Writers in the Schools Executive Director Robin Reagler on helping kids know who they are and can be through storytelling
Interview by Kathryn Streeter
Robin Reagler first joined Houston-based Writers in the Schools (WITS) as a writer in 1990 and has worked in every facet of the organization, from teaching to program development to administration. She leads WITS in its Houston endeavors and also heads the WITS Alliance, a national consortium of 38 literary education groups. Robin earned an MFA from the Iowa Writers’ Workshop and a PhD from the University of Houston Creative Writing Program. Hear what she says about the inspiriting work of WITS on behalf of Houston children.
What is the genesis of Writers in the Schools?
Writers in the Schools (WITS) was founded in 1983 by Phillip Lopate and Marv Hoffman, who saw an opportunity to extend the talent of the graduate students at the University of Houston’s Creative Writing Program, one of the most prestigious writing programs in the nation. UH poets, fiction writers, and essayists went into classrooms to share creative methods for classroom engagement and skill building. Today WITS hires over 200 writers to partner with K-12 educators to create dynamic learning environments in which every young person comes to the realization: I am a writer.
What’s the big deal? Why is storytelling so important in the lives of our children?
It’s important for all of us to get a chance to tell our stories because that is the way we present our absolutely unique selves to the world. Stories appeal to all of our senses, and we are hardwired to remember them. They help us understand who we are and what we hope to become. Young people learn best when listening to, reading, and writing their own stories. The stories written by our students serve as a kind of map to their futures.
What worries you most about kids today? What gets in the way of growing their capacity for creativity, storytelling?
As educators and parents, we all want the best for our kids. That goes without saying. What actually constitutes “the best” is a big question. Sometimes in our efforts to help our children succeed, we remove activities that are not obviously related to career success. Activities that involve creativity and play are just as important as test prep and research continues to show that students who participate in the arts and sports are stronger academically.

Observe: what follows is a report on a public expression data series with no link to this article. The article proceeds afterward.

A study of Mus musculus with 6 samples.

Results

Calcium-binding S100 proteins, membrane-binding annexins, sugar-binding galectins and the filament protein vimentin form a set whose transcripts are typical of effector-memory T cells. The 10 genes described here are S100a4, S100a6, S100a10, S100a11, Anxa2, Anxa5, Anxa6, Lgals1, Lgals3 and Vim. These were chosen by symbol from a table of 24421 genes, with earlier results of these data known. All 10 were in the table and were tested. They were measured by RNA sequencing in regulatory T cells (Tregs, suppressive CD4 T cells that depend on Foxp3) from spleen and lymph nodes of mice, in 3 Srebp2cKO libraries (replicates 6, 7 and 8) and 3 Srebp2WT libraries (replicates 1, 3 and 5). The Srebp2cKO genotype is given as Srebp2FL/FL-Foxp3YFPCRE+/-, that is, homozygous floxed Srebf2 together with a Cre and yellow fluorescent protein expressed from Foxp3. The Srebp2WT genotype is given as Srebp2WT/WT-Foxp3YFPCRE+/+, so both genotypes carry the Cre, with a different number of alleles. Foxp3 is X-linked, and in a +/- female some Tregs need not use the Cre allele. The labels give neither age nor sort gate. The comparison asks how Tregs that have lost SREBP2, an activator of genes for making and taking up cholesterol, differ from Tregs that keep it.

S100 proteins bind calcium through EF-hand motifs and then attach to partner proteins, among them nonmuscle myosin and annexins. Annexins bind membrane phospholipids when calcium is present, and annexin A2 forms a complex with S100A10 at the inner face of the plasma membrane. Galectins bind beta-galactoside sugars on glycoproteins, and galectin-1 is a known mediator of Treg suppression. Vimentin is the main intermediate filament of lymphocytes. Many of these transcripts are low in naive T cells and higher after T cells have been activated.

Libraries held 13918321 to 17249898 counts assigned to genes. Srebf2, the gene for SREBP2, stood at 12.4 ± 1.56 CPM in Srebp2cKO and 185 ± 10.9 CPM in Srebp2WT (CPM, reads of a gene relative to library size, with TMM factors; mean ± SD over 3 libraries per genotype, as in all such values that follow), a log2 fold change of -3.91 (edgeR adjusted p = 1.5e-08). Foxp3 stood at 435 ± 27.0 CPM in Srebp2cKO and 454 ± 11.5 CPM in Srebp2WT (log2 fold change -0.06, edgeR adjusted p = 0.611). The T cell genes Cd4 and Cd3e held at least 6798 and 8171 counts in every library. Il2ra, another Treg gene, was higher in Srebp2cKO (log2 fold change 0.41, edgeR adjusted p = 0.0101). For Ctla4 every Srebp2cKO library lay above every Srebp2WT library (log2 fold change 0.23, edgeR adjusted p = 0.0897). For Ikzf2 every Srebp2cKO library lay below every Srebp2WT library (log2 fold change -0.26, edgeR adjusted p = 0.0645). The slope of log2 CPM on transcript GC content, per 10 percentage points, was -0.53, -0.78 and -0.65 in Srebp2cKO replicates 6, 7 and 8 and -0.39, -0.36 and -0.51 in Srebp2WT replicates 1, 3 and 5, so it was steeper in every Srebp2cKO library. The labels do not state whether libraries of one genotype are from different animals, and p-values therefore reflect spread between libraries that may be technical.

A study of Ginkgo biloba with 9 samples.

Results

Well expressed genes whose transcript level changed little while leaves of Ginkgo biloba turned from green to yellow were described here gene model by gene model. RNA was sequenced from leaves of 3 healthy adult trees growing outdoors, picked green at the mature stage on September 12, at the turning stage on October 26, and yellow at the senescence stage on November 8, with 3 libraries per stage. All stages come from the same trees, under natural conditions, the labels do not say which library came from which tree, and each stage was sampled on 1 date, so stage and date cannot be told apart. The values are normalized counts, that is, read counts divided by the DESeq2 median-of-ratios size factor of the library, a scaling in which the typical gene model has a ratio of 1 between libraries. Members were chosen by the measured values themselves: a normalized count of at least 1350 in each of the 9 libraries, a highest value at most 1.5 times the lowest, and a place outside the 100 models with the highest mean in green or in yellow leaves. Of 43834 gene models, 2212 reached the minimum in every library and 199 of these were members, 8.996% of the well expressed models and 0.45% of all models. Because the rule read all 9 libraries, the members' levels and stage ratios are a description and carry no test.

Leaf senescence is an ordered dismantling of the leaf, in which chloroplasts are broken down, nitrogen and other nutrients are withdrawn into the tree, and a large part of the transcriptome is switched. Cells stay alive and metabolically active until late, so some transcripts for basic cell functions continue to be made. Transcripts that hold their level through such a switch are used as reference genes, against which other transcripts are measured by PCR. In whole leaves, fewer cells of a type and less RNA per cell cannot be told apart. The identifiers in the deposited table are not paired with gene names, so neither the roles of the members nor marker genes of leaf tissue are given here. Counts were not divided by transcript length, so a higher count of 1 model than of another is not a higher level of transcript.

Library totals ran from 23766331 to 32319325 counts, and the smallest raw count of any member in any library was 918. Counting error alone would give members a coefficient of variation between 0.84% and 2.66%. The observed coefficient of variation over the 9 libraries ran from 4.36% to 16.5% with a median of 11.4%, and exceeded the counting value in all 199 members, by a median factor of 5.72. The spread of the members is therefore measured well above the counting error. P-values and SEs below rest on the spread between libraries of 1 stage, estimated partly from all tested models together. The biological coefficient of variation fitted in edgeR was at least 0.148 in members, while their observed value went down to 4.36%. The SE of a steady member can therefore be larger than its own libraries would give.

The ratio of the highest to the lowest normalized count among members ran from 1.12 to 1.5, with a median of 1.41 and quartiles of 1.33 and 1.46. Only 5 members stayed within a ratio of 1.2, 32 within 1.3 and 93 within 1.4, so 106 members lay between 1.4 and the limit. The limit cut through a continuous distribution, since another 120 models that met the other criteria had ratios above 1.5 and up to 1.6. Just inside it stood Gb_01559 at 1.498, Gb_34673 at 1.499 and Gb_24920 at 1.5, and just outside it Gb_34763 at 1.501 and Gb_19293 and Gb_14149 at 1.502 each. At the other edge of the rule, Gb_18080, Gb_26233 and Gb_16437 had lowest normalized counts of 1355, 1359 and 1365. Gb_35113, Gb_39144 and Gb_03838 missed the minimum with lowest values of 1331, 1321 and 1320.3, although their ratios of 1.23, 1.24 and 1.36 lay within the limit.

How can kids benefit from WITS? Where will the program show up in their academic experience?
Through WITS, kids begin to understand that their stories do matter, and they discover the power of their own voices. Because our programs are long-term, students develop the creative and analytical skills that apply to their schoolwork, regardless of their pathway. The WITS classroom encourages feedback and collaboration, innovation and the imagination. Through publication and performance, children grow in self-confidence, articulating their ideas and feelings, preparing themselves to take ownership of their lives.
How can Houston parents best support WITS? Currently, what are your greatest needs?
WITS works in over 100 schools and community sites throughout the Greater Houston area, but our work is never done. So many low-income students go without the resources they need to succeed. Parents can help us impact more young minds and hearts by donating to WITS. Every $50 helps WITS provide high-quality creative writing instruction to a child for an entire year.
As you stand back and comprehensively scan the accomplishments of WITS, what brings you greatest joy, satisfaction?
In my 20 years as the Executive Director of WITS, I’ve gotten to see first-hand how the program makes a huge difference for kids, regardless of their goals. I’m proud that we’ve grown the program and are able to serve 52,000 students each year. Perhaps the greatest joy, though, is in knowing the individual success stories. For example, a student who once struggled with the challenge of homelessness now works as a finance director at a major bank and volunteers at a shelter in Boston. That kind of true story inspires me to continue this work!